Taiwanese legislators call for raising max fine for smuggled pork to NT$3 million

Taiwanese lawmakers call for raising fine for smuggling pork to NT$1 million and second offense NT$3 million

DPP legislators east domestically made pork jerky.

DPP legislators east domestically made pork jerky. (CNA photo)

TAIPEI (Taiwan News) -- Democratic Progressive Party (DPP) Legislator Ho Chih-wei (何志偉) said on Tuesday (May 14) that in order to prevent the spread of African swine fever (ASF) to Taiwan, the law needs to be amended to raise the penalty for people caught smuggling pork from infected countries multiple times to NT$3 million (US$96,000).

Ho and fellow DPP legislators Wu Kuen-yuh (吳焜裕) and Lin Ching-yi (林靜儀) held a press conference in the Legislative Yuan on Tuesday titled, "Do not allow Chinese pork, Taiwan will make a fortune." During the press conference, they proposed an amendment to the Statute for Prevention and Control of Infectious Animal Disease (動物傳染病防治條例) to increase the fine for those caught smuggling pork the first time from NT$200,000 to NT$1 million and repeat offenders from NT$1 million to NT$3 million, reported CNA.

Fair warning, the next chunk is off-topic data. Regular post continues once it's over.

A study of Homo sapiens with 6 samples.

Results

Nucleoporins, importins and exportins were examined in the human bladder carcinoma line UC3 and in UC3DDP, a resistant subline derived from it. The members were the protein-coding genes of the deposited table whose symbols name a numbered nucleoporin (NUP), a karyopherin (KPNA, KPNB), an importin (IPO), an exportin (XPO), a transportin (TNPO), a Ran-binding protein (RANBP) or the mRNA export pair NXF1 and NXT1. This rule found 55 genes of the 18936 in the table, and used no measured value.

Ho said that since the regulations had been previously amended to raise the fine to NT$200,000, 235 passengers have been caught attempting to smuggle banned pork products into the country, indicating an insufficient awareness of the seriousness of the ASF epidemic by travelers, according to the report. Ho said that Australia imposes a maximum penalty of 9.2 million, while Japan levies a similar fine but also can impose a prison sentence of up to three years.

Lin said that he has asked airlines flying out of ASF-infected countries to notify passengers to toss any pork products purchased in those countries into the trash before boarding the plane. He said that instead of going through a long list of what they can and cannot bring, airlines should simply tell passengers "Don't bring meat back to Taiwan," reported CNA.

Council of Agriculture Minister Chen Chi-chung (陳吉仲) said that most violations were from China because passengers do not have access to open and transparent information. He said that Chinese passengers are not aware of the ASF outbreak in China, and they not only try to smuggle in pork, but also bring in a variety of beef, chicken, and duck products, which are "a headache to deal with at the airport every day."

Chen said that under current regulations, if the passengers are not able to pay the penalty, then they will be sent back to their home country immediately.